Our center, located at 438 Saint Antoine St., welcomes guests from 7 a.m. to 11 a.m., Monday – Saturday, providing two nutritious meals, access to hot showers and hygiene items, laundry services, and housing assistance. Guests also receive free medical, dental and legal support through rotating clinics. Bike repairs, haircuts and mail services are also provided.

Pope Francis Center maintains a zero-bar entry policy, meaning we serve anyone who seeks our support. We do not require identification, paperwork, or screening for drugs or alcohol. Within the Center, however, violence and drug use are strictly prohibited.

For many people living on the streets of Detroit, Pope Francis Center is a beacon of help and hope. We see the humanity and goodness in everyone who comes through our doors and treat our guests with the dignity God intends for all His children.

We offer all our guests a safe place to take respite from life on the streets. We are dedicated to helping our guests unlock their potential so they can realize a brighter future.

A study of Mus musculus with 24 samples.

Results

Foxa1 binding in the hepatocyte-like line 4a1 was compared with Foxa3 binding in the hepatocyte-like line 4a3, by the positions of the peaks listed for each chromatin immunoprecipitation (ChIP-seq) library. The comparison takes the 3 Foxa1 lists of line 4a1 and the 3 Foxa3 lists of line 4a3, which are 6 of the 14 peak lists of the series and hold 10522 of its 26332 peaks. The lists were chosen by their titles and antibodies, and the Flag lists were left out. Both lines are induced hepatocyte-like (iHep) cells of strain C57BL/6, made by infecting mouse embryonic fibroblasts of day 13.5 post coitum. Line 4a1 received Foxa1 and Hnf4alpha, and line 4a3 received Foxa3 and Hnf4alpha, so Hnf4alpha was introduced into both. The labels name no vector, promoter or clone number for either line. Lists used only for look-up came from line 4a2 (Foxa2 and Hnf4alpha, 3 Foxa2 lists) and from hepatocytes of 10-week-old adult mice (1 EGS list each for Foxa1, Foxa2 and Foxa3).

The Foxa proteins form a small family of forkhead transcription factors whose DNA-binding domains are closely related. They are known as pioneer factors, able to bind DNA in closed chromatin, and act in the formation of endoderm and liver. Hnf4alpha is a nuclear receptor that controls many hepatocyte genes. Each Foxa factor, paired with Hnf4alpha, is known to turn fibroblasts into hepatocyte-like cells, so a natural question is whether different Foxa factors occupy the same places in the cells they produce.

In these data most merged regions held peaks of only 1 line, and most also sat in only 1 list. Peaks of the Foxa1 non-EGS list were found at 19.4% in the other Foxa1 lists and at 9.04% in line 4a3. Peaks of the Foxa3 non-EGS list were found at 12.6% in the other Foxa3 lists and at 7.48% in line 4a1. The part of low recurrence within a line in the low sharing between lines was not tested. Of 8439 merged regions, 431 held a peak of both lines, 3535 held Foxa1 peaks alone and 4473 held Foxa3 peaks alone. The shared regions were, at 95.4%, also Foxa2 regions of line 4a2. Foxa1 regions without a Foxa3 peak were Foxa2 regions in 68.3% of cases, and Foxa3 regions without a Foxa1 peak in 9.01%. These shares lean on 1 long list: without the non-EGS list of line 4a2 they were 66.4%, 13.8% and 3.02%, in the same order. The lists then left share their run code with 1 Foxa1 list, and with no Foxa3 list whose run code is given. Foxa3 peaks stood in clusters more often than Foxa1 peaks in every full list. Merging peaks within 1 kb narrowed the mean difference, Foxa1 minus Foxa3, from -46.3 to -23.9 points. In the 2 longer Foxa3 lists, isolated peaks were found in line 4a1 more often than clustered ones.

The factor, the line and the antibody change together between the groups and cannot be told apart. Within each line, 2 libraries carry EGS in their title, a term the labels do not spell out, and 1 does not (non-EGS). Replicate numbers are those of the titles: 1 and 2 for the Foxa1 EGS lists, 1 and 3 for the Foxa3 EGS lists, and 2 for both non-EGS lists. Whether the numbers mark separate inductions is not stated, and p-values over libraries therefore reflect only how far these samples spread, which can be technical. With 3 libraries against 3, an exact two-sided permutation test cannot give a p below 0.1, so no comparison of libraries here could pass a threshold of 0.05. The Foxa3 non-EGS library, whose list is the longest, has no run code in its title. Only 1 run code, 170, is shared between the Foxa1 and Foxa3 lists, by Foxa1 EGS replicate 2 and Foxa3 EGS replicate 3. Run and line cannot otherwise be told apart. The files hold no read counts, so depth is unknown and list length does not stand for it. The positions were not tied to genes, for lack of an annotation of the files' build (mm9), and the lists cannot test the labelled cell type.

Chronic Homelessness

The guests of Pope Francis Center are diverse in their backgrounds, demographics, and the factors that led them to become homeless.

Some of our guests are experiencing situational homelessness, caused by some form of crisis, such as the loss of a job or sudden illness. Others experience episodic homelessness, repeatedly returning to the streets because of an unstable living situation, often caused by low income or domestic violence. The vast majority of those served by the Pope Francis Center are experiencing chronic homelessness.

Chronic homelessness is defined as being without a home for at least a year – or repeatedly – while struggling with a disabling condition such as a serious mental illness, substance abuse disorder or physical disability.

Pope Francis Center guests often carry deep wounds, stemming from trauma and loss. In these cases, homelessness is a symptom of the lack of adequate resources to properly heal this emotional strain, leading them to cope in various, dangerous ways that can oftentimes lead to homelessness.

Because people experiencing chronic homelessness face the greatest barriers to self-sustainability, they often slip through the cracks. Many lose their lives each year to harsh winters, drug overdoses and preventable diseases. We at PFC believe that each death can be avoided with the necessary support in place.